When it comes to Facebook, most career advice sites are unanimous: The best practice, they say, is to avoid using the social network at all, or at the very least to keep your profile private. It is not difficult to understand how this conventional wisdom came to be. After all, we have all heard the horror stories of individuals who post drunk, slovenly photos of themselves to Facebook, only to realize that — shockingly! — this does not endear them to recruiters or hiring managers. The long and short of it is that unwise social media use can cost you your career prospects, which is why many career advisors say it is better to steer clear, or else to make sure potential employers do not have access to your private Facebook account.
This advice is not necessarily wrong, but it does offer a narrow view of online reputation, and a diminished understanding of just how powerful it can be. It may be true that a bad online reputation can hurt your career prospects, and that unwise social networking can prove disastrous. The inverse is also true, however. A positive online image can enhance your career prospects, and sound social media use can help to cast yourself as a more appealing figure among recruiters.
The bottom line: Recruiters and hiring managers are often inundated with resumes and applications, and as such they turn to social networks to help them weed out “red flag” candidates. By keeping your profile private, you can neutralize the threat of those red flags (the slovenly photos, and so on). By keeping it public and using it to enhance your appeal among recruiters, however, you can cast yourself as a truly standout choice for the job!
Using Facebook to Boost Your Online Image
Still, the question remains: How can Facebook be used to advance your career prospects? We all know what not to post, but what should we post to our Facebook pages? There are several considerations to make here:
- The first one is obvious. You should make sure that, somewhere on your Facebook page, there is a link to your resume. You can do this by including a simple link to your LinkedIn profile. Some will question this, asking if it is really necessary; after all, can a recruiter not simply look to your LinkedIn page? Sure — but the simple act of putting that link on your Facebook account shows that you are serious about your career, and zealous to seize whatever opportunities you can.
- On a related note, there is not necessarily any harm in letting potential employers know that you are, in fact, interested in finding work. This is not recommended for those who are currently employed, and do not wish for their employers to know they are looking elsewhere! For others, however, making it clear that you are in the market for a new job can only help your chances of using Facebook to effectively network.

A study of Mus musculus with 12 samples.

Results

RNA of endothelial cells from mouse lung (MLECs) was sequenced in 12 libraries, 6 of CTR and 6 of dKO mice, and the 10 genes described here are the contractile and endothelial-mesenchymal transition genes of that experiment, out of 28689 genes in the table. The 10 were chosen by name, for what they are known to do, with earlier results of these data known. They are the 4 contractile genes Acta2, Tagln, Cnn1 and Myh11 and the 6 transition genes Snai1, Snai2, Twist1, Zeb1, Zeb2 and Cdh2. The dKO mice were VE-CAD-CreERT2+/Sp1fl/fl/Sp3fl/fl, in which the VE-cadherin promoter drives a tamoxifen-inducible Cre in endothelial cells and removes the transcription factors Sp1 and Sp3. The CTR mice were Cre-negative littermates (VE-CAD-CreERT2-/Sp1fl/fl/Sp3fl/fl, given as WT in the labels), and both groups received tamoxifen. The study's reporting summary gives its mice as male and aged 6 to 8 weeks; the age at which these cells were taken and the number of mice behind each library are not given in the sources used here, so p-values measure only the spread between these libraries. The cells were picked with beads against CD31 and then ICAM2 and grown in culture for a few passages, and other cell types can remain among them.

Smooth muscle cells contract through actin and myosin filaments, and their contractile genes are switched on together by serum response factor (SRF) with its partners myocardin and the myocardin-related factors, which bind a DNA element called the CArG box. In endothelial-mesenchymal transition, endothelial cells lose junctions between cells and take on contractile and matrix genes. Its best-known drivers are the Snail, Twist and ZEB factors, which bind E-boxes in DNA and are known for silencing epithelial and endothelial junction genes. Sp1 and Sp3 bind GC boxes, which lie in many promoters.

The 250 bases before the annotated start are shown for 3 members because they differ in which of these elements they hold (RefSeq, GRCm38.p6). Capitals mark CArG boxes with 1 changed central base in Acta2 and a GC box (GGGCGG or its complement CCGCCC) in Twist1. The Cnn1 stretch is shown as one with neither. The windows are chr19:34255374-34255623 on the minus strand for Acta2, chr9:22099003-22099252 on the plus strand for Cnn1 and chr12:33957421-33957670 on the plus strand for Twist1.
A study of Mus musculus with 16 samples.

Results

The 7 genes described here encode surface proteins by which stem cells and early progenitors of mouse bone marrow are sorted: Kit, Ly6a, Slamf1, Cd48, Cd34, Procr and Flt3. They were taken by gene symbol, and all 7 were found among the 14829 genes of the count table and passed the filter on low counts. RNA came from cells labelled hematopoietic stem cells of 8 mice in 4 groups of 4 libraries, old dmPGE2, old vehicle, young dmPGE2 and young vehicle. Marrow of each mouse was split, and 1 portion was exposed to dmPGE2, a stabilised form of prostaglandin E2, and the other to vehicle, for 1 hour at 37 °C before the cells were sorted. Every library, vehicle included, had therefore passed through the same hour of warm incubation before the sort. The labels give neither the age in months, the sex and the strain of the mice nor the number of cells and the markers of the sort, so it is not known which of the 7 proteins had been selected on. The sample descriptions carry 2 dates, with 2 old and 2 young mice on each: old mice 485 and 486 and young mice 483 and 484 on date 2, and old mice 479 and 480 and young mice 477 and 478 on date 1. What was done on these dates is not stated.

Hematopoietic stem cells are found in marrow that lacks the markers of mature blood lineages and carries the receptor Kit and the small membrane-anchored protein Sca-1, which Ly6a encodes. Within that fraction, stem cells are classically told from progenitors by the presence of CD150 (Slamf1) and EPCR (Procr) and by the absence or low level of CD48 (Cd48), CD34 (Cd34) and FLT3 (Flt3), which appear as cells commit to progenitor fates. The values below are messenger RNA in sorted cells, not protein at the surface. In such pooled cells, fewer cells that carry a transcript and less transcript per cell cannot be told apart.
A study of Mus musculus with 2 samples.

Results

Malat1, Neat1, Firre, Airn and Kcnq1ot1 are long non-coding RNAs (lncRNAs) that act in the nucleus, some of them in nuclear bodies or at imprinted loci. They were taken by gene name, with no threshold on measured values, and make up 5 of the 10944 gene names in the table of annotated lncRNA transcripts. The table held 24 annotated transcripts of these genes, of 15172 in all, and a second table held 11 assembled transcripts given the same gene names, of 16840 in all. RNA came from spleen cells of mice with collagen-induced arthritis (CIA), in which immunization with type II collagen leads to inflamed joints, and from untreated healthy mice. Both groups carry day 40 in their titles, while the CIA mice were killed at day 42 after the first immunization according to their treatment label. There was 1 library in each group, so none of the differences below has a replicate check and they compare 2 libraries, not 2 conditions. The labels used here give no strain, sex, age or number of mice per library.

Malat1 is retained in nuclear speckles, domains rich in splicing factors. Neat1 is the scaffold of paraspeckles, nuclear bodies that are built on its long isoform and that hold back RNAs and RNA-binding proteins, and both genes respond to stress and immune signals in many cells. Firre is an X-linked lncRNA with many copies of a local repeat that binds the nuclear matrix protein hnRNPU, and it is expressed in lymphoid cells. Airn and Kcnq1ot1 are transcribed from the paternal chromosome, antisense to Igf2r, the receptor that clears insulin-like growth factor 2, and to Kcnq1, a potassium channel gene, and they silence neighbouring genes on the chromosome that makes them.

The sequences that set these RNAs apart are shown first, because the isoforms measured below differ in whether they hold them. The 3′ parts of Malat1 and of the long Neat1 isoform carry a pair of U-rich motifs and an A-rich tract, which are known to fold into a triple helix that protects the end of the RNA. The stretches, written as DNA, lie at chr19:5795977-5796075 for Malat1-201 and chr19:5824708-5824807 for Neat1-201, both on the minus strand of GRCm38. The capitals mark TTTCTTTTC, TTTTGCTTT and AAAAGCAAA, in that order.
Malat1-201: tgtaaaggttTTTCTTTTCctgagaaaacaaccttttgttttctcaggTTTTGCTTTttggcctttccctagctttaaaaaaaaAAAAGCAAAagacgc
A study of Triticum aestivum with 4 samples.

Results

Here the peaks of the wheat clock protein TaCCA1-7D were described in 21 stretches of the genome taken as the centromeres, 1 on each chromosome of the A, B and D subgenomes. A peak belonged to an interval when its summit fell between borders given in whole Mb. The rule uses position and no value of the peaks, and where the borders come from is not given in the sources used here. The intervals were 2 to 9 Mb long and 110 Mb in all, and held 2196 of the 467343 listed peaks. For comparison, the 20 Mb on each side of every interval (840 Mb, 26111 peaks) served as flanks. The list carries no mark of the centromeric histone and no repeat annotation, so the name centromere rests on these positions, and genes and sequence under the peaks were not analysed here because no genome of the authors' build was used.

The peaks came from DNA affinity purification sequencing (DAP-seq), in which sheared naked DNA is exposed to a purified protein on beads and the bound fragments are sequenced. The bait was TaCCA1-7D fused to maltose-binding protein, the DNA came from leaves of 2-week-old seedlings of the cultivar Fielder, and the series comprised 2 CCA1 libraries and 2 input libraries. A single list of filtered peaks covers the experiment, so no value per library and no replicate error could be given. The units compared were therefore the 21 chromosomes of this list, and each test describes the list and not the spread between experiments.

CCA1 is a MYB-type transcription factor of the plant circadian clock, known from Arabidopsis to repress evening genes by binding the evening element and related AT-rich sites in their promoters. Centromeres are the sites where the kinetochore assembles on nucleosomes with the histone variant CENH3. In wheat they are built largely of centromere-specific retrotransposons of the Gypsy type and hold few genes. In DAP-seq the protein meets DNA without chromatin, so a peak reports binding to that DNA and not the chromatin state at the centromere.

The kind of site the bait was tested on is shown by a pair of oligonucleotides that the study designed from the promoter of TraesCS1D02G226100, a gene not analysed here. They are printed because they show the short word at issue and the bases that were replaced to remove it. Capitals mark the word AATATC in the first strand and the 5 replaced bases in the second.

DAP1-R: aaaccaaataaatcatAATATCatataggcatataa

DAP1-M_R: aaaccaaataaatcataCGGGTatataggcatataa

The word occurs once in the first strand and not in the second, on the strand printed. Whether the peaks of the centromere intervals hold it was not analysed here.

- You can also use Facebook to showcase your professional interests, in a way that a resume or a CV will not allow. For instance: Are you a member of any industry organizations or professional associations? If so, seek them out on Facebook, and make sure to “like” their pages. Again, this serves to showcase how serious you are about what you do, for the benefit of potential employers!
- In a similar way, you can use Facebook to show off your personal side, in a way that would simply not be appropriate on your resume. When going through a stack of resumes, hiring managers do not want particularly care about your hobbies or your family interests; that is not what a resume is for, and it is frankly irrelevant to whether you are qualified for a particular job. However, by using Facebook to talk about a few of your hobbies, you can show how a different side of yourself, and perhaps “come alive” for recruiters and hiring managers!
- One more thing you might think about including on your Facebook page: Information about non-profits and charities that you support. This goes a long way toward showing off how conscientious you are, which goes over big with companies that take social responsibility seriously. You can accomplish this by “liking” the pages of your favorite non-profit groups. Generally speaking, you should avoid overtly political or potentially controversial organizations; and, you should always avoid open bragging about your charitable giving. Liking the appropriate pages is enough!
Online Reputation, Facebook, and You
These days, everyone has an online reputation — so why not make an effort to make sure yours is positive? It all starts by cultivating a strong and positive social media presence. By being shrewd about it, you can ensure that your Facebook profile is actually helping you land job interviews and impress employers.
Author: Mike Zammuto is the COO of www.reputationchanger.com.